To evaluate the long-term safety and efficacy of the intravitreal dexamethasone implant in the treatment of diabetic macular edema (DME) as initial therapy.
A hospital-based prospective, non-comparative case study of recently detected DME patients was conducted between July 2016 and December 2017, in which30 eyes of 30 patients were studied. Presenting vision, age, gender, duration of diabetes, general and ocular examination, intraocular pressure, indirect ophthalmoscopy, fundus fluorescein angiography, optical coherence tomography (OCT), and blood sugar levels were noted. Patients with increased central macular thickness (CMT) received an intravitreal dexamethasone implant as initial therapy. All were followed up at 1 week, 1 month, 3 months, 6 months, and 1 year, and the findings were recorded and analyzed using SPSS software.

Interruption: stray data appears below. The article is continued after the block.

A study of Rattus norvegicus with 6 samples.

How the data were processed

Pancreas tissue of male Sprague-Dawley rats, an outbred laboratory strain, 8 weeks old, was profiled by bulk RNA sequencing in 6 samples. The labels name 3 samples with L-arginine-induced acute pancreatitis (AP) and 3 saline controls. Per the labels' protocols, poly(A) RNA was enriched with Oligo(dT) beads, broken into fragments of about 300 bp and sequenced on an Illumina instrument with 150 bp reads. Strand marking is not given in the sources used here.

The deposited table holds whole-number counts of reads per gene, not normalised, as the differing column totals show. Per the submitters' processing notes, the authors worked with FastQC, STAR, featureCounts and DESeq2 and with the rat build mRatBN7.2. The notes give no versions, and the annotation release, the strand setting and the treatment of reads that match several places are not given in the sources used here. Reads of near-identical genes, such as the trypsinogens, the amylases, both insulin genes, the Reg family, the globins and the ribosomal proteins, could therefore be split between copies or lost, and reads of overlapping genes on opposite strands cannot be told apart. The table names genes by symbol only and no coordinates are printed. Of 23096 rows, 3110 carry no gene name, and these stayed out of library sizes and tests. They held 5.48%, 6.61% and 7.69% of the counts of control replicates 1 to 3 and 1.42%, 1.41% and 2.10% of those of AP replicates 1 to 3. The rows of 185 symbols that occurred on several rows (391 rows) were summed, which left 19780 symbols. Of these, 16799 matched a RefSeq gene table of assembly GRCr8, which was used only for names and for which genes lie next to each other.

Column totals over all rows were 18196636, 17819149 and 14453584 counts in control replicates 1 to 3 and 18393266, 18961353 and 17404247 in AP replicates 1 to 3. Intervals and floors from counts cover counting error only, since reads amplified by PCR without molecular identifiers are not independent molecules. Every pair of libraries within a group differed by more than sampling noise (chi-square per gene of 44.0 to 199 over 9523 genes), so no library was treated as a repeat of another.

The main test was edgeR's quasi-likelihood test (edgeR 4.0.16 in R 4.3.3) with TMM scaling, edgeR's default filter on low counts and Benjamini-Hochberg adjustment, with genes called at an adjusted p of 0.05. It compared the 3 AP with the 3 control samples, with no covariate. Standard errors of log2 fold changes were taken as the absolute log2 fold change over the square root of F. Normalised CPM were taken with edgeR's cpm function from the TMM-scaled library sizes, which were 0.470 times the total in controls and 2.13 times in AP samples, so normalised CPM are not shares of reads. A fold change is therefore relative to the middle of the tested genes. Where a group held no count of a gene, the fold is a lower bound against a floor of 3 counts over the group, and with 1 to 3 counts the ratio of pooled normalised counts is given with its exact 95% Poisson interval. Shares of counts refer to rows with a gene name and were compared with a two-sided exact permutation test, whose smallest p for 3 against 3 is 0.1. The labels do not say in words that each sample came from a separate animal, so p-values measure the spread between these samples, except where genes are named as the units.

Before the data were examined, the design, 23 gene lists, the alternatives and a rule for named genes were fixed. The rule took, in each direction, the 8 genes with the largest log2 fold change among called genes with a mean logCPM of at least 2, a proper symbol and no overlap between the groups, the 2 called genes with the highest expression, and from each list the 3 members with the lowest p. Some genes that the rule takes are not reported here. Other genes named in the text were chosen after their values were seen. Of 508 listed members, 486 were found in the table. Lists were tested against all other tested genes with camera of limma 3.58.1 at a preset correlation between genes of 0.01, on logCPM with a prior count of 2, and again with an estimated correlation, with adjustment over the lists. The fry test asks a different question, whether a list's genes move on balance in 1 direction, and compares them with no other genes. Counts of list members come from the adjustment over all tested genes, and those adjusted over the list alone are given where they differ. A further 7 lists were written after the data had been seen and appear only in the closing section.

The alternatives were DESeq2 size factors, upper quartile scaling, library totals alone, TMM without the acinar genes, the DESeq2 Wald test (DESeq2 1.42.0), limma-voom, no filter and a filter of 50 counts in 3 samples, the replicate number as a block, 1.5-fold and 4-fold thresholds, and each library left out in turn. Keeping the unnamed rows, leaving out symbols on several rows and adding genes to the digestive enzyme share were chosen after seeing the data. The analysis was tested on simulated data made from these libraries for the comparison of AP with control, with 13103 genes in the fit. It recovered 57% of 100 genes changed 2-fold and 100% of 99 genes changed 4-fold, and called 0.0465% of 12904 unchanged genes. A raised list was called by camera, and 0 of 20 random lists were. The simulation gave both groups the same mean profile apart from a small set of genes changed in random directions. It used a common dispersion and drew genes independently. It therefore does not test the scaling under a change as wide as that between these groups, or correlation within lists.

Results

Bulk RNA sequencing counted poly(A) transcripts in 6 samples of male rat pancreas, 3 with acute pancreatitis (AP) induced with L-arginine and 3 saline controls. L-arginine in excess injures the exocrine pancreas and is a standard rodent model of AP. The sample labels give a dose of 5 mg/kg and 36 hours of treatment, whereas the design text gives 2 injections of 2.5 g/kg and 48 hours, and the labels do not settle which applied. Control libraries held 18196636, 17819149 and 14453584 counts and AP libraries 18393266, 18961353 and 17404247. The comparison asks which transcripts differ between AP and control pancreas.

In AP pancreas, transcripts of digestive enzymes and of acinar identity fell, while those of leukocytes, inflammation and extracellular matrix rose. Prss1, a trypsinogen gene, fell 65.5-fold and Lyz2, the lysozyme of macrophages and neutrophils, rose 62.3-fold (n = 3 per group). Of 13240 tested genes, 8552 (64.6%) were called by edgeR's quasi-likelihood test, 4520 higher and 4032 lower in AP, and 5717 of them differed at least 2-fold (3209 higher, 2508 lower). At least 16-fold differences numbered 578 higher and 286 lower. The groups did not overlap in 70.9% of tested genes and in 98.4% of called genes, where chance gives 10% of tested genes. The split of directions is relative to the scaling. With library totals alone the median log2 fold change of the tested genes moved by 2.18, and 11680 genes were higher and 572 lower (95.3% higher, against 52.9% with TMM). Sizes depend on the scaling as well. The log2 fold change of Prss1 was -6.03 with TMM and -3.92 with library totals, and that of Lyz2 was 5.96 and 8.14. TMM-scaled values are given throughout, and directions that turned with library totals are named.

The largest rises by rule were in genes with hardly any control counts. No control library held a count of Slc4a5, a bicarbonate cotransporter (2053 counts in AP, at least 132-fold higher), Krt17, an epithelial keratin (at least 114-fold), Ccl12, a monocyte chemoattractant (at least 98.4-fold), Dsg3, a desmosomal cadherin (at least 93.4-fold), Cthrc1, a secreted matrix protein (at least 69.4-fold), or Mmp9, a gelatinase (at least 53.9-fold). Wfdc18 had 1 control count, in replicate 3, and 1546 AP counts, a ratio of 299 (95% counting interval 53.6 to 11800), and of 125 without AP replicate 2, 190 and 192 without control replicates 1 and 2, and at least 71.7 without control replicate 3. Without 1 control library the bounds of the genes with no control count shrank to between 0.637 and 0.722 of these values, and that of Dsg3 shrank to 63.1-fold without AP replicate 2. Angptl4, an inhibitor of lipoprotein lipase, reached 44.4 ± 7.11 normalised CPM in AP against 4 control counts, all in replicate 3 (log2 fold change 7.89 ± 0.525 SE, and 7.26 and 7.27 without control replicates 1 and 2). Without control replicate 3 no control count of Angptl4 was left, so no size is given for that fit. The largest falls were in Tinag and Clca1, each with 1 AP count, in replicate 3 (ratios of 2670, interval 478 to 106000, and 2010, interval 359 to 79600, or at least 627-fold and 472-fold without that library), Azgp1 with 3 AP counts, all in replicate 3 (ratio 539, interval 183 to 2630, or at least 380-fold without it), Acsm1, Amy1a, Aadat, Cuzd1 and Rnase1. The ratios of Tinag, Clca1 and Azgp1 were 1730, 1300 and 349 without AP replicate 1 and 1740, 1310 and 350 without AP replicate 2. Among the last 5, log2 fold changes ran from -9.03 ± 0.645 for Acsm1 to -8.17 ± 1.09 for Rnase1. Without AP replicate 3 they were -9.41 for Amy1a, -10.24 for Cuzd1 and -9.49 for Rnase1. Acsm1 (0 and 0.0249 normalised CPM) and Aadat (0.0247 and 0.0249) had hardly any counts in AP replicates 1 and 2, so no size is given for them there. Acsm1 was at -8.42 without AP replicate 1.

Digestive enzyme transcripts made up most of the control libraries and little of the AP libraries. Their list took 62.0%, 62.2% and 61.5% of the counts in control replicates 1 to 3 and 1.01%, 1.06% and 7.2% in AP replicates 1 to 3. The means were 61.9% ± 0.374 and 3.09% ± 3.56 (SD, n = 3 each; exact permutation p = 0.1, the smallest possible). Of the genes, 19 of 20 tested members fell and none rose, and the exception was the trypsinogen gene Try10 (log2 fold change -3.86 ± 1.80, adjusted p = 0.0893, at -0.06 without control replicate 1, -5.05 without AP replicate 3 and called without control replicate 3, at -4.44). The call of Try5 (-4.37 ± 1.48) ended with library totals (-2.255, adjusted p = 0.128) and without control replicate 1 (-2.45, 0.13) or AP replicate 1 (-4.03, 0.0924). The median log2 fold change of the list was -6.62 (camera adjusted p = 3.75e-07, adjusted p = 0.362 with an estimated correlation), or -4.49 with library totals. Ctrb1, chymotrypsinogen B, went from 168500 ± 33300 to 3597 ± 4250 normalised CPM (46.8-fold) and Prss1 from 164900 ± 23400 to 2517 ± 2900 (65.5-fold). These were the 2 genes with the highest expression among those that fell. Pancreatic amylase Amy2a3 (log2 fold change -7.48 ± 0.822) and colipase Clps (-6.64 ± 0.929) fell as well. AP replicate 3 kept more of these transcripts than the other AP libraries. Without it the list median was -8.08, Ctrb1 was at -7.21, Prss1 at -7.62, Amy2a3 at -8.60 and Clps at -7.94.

30 eyes of 30 patients were studied which included 22 males and 8 females. The mean age of presentation was 58.7 ± 4.45 years. The mean decrease in CMT following intravitreal dexamethasone was 269.27 ± 112.002, 253.5 ± 108.294, and 286.73 ± 143.395 μm at the end of 3, 6, and 12 months, respectively, and the mean improvement in visual acuity (VA) was 2.27 ± 1.70 lines at 3 months, 2.27 ± 1.83 lines at 6 months, and 1.17 ± 2.00 lines at 12 months. Out of 30 cases, 4 had persistent DME and 6 had recurrence of DME at completion of 1 year of follow-up.
Intravitreal dexamethasone as initial therapy in the treatment of DME is both safe and efficacious in the reduction of CMT and improvement of vision and can be considered as primary therapy for DME.